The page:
How High Can Silver Go?
Silver – how high can it go? The price of silver jumped higher by nearly $2 oz. over a two-day period last week.
Silver Prices - 1 Year Chart
Wall Street's paper substitute for physical silver, SLV (an ETF), shows a similar pattern...
SLV (Silver ETF) 1 Year Chart
As of yet, silver has not exceeded its high from earlier this year, but that might happen quickly based on current momentum.
If the silver price surpasses its previous high from this year, it could very well move further upwards towards $30 oz.
The bullish bias of some stackers, marketers, and analysts might lead one to believe that $30 oz. is a foregone conclusion. Maybe, maybe not. Let’s take a look.
Below is a chart dating back to August 2020, when the silver price peaked at $28.50 oz. (monthly average closing price)...
Silver Prices Since 2020
We can see that silver's uptrend since its low one year ago, although impressive, is still part of a longer-term downtrend that is almost three years old.
Before silver can reach $30 oz., it must also break through its previous highs at $28 oz. from 2021 and 2020. Those points could prove much more formidable than this year's previous high.
Here is another silver chart. This one dates back to the price peak in 2011...
Silver Prices Since 2011
At a current price of $25 oz., silver is nearly fifty percent lower than its peak in 2011 of just under $49 oz. A more depressing picture comes from the next chart which is the same as the one immediately above except that the prices are adjusted for the effects of inflation...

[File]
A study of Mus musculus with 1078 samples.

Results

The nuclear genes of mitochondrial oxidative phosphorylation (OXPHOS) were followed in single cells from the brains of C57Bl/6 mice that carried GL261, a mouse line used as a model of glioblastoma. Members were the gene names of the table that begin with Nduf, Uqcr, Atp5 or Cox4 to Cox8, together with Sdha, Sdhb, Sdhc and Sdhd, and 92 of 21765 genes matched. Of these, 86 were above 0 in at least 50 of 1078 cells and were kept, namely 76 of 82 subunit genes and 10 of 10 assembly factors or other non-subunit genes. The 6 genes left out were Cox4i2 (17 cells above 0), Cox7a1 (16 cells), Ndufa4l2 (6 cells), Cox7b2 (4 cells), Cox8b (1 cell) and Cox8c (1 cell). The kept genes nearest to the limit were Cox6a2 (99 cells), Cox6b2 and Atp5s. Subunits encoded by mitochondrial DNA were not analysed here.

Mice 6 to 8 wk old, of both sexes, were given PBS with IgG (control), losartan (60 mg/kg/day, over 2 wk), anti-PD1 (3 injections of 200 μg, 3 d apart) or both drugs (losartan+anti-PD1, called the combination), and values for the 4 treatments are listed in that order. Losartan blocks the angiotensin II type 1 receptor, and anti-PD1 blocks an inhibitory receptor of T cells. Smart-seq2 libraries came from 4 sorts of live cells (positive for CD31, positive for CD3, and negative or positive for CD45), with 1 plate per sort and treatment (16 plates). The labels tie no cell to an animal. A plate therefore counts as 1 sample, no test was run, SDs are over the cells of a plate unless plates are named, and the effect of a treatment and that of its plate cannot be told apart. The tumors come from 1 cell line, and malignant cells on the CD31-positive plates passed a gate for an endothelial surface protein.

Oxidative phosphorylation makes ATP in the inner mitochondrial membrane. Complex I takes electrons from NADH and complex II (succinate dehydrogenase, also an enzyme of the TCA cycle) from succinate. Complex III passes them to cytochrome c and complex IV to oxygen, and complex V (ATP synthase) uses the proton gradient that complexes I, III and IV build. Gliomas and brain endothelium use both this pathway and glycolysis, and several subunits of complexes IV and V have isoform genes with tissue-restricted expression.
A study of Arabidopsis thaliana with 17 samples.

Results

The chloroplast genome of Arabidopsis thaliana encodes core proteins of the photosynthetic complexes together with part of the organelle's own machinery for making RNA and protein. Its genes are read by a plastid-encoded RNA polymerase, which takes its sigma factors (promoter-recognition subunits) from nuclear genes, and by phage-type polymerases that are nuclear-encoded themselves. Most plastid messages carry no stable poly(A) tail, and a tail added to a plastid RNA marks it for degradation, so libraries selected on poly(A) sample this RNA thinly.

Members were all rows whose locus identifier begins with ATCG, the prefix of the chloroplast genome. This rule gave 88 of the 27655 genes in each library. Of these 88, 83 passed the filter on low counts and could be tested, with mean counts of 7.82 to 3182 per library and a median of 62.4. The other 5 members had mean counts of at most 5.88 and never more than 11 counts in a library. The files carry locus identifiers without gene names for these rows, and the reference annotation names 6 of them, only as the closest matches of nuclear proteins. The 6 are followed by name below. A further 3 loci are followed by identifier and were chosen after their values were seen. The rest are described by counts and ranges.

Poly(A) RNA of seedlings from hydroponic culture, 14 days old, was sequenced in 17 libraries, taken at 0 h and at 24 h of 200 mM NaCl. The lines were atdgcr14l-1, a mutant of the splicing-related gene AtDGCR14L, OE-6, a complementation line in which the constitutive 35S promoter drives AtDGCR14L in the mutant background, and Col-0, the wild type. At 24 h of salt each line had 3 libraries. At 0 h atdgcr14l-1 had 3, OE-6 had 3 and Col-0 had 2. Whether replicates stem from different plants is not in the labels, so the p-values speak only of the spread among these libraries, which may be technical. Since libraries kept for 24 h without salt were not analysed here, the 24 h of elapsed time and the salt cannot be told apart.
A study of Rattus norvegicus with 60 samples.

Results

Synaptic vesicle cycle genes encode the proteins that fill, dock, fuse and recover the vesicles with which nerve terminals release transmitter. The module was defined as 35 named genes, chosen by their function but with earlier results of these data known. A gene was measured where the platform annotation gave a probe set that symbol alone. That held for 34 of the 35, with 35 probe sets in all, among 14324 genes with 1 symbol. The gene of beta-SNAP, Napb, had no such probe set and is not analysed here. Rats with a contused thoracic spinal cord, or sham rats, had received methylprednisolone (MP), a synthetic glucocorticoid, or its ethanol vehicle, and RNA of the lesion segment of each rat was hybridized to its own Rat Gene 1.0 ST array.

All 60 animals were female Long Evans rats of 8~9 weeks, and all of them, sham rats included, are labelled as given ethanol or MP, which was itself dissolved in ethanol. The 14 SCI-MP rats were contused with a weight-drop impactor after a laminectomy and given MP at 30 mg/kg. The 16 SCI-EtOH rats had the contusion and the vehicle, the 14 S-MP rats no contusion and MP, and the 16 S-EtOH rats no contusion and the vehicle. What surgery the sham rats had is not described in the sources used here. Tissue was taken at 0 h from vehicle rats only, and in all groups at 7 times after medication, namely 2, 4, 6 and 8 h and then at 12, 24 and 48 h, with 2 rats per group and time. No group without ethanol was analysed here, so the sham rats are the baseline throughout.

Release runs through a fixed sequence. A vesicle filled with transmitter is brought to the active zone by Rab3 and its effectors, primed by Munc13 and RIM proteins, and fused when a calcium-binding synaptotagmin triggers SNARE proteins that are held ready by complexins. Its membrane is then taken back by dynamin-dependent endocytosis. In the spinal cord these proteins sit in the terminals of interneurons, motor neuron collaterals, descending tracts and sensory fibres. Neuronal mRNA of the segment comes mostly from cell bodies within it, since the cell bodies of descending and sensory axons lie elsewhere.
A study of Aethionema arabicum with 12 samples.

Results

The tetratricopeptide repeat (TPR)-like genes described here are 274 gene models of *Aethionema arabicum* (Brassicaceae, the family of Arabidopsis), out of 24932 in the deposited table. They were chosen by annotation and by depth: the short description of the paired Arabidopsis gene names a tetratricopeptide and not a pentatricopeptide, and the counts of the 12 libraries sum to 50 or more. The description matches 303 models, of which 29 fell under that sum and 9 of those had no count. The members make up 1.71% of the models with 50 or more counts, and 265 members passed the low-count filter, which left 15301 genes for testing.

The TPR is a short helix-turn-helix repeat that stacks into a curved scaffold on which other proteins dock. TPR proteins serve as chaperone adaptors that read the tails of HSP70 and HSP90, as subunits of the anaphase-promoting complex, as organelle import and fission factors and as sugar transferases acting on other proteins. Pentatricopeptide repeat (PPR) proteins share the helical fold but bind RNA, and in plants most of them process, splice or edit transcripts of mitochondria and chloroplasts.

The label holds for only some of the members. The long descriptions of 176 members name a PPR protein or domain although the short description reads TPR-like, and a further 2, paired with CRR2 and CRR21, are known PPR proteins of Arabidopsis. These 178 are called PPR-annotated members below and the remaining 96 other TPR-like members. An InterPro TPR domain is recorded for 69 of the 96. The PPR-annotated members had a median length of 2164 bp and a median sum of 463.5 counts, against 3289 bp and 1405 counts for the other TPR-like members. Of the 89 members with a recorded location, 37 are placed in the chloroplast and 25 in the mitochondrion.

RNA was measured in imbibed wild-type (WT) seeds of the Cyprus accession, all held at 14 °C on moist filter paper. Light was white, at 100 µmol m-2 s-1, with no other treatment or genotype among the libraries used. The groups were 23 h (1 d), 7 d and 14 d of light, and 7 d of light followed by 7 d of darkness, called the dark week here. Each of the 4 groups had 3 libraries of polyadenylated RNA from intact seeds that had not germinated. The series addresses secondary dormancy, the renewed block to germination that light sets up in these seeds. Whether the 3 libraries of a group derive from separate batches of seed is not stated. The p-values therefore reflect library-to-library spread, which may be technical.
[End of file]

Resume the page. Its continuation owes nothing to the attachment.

Silver Prices (inflation-adjusted) Since 2011
Here we see that silver at $25 oz. is sixty-two percent lower than its 2011 peak. In order for silver to match the $49 price from 2011, its current price needs to exceed $65 oz.
Here is one more chart for some additional perspective...
Silver Prices (inflation-adjusted) Since 1971
The price of silver, since its peak in 1980, has continued to move lower in both nominal and real terms. The January 1980 peak price was $36 oz. (monthly average closing price).
If silver were to rise to $30 oz. it would still be six dollars cheaper than its 1980 peak. In real/inflation-adjusted terms, silver at $30 oz. would still be eighty percent lower than its 1980 peak ($140 oz).
FUNDAMENTALS AND LOGIC
Some insist that the fundamentals (see Gold and Silver - Fundamental Be Damned) for silver will take its price much higher very soon. Those fundamentals involve silver's industrial uses, its role as money, a gap in supply vs. demand, etc.
A counter to that is that most of the fundamental arguments put forth in support of expectations for a higher silver price are the same arguments advanced at every outbreak of silver fever in the past half-century.
History shows that other than spurts of magnitude for brief periods of time at infrequent intervals, nothing has happened that indicates something radically favorable is about to happen for silver.
What's more, the increases in the silver price continually come at lower levels. No matter how fast silver runs, it never recovers the lost ground.
WHAT SHOULD YOU DO?
Silver has already risen by forty percent since last summer. How much profit potential is left? Probably not much.
If you already own silver and have accumulated some profits, then take them.
Kelsey Williams is the author of two books: INFLATION, WHAT IT IS, WHAT IT ISN'T, AND WHO'S RESPONSIBLE FOR IT and ALL HAIL THE FED!